Mail-in and absentee ballots improve voter turnout and make elections more democratic, but the argument that one political party would have an advantage over another in a mail-in ballot election doesn’t appear credible, studies by multiple Stanford University researchers have found.
Implementing a broad mail-in ballot program could have some potential pitfalls in the November election, however, for states and counties when putting together the necessary infrastructure for distributing and sorting the ballots and ensuring that all of the votes are counted, they said.
In one study, Stanford political scientists Adam Bonica, an associate professor, and Hakeem Jefferson, an assistant professor, both of the Department of Political Science, analyzed election results in Colorado, one of the few states that conducts its elections completely by mail. Voter turnout increased about 9.4% after the program was rolled out in 2013, according to a working paper they co-authored, which studied data from five elections between 2010 and 2018. That percentage was even higher among people ages 30 and younger, where they found voter turnout increased by 15%.
Turnout was also high for blue-collar workers, voters without a high school diploma, those with less wealth and people of color, the researchers found.
“These findings suggest that making it easier to vote increases electoral participation among those who may otherwise remain unengaged,” they wrote.
Bonica and Jefferson did not find that Colorado’s all-mail voting disproportionately benefited either the Republican or Democratic parties, but turnout among Independents was nearly 12% higher than in previous elections, the researchers said.
“Colorado’s experience demonstrates that all-mail voting is not only safer than in-person voting but also better for democratic representation, with all age, income, race, occupational and education groups benefiting from its introduction,” according to the working paper.
To address rapid changes for this November’s election, the researchers suggested states and counties should offer in-person voting options with safety measures to avoid duplicative voting and allow people who miss the deadline to receive a mail-in or absentee ballot a chance to head to the polls.
Another Stanford study by Andrew Hall, a political science professor, examined data from California, Utah and Washington, three states that have gradually expanded their vote-by-mail programs. Mail-in and absentee voting did not affect overall turnout for either Republicans or Democrats, and mail-in voting didn’t affect the share of votes that went to Democratic candidates. Mail-in voting did increase turnout by about 2% on average, Hall and his team found.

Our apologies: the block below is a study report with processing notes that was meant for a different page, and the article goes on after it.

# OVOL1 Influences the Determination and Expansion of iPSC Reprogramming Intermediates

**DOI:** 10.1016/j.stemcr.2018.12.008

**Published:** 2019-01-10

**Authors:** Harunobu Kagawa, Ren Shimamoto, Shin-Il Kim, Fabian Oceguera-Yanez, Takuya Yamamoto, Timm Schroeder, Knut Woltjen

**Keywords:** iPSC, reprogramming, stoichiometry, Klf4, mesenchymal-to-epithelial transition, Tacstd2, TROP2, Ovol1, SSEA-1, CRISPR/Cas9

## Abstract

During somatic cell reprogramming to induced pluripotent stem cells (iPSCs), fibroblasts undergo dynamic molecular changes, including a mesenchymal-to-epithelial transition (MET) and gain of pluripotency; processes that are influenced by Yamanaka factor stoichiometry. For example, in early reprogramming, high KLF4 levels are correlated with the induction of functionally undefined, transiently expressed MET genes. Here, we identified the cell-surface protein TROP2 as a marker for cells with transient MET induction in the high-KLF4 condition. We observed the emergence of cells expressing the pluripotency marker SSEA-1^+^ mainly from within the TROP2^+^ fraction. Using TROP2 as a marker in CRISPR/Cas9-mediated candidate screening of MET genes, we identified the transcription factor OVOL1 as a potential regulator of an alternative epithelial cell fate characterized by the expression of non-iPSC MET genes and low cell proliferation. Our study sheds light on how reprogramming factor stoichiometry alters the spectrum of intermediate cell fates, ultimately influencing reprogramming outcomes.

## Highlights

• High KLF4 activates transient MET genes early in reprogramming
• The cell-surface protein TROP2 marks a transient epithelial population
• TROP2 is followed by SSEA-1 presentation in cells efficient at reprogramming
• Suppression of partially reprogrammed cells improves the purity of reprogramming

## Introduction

“Our paper has a clear takeaway: claims that vote-by-mail fundamentally advantages one party over the other appear overblown,” the researchers wrote.
Hall is also continuing a study of absentee voting, which includes analysis of a primary election held during the COVID-19 pandemic. Overall, his findings so far are consistent with the earlier study. But holding an election during the pandemic poses unprecedented challenges, and it’s difficult to predict exactly what will happen in November, he said in an interview with Stanford News Service.
“Vote-by-mail is an extremely helpful part of the overall, nonpartisan election toolkit, but it is not a panacea. Voters should consider their local context, including prospects for logistical issues with vote-by-mail and the safety precautions their local officials are implementing to support in-person voting before deciding how they want to vote,” he said.
Nathaniel Persily, a Stanford researcher and law professor, said he has concerns about ensuring that all mail-in ballots are counted.
“In such a short period of time it is very difficult for states to adapt to this new environment and it requires changes at every step in the administration of the election, from the beginning of registering votes to the end of counting their votes,” Persily, former senior research director of the Presidential Commission on Election Administration, told Stanford News Service. He is co-leading research with Charles Stewart III of the Massachusetts Institute of Technology through the Healthy Elections Project.
In Florida’s primary election earlier this year, Persily and Stewart found that mail-in ballots cast by African Americans, Latinos, first-time voters and young people were significantly less likely to be counted because the ballot was received late, signatures were missing or they did not match the signature on file.
“That’s a real concern as we approach the (general) election,” Persily said.
States would also need to develop infrastructure such as mail-in ballots, sorters and scanners to meet the increased demand, he said during an interview with Stanford Legal.
Americans must prepare to vote in a different way this year, he said.
“We need to start treating this election like we would a natural disaster, like a hurricane or earthquake. We need to mobilize around all levels of government and civil society and that includes Congress appropriating more money and it includes massive efforts about educating people about how to vote safely and we need people to volunteer,” he said.
To help voters and election officials, the Healthy Elections Project has prepared a vote-by-mail resource guide, which includes tips on signature verification and vote tallying.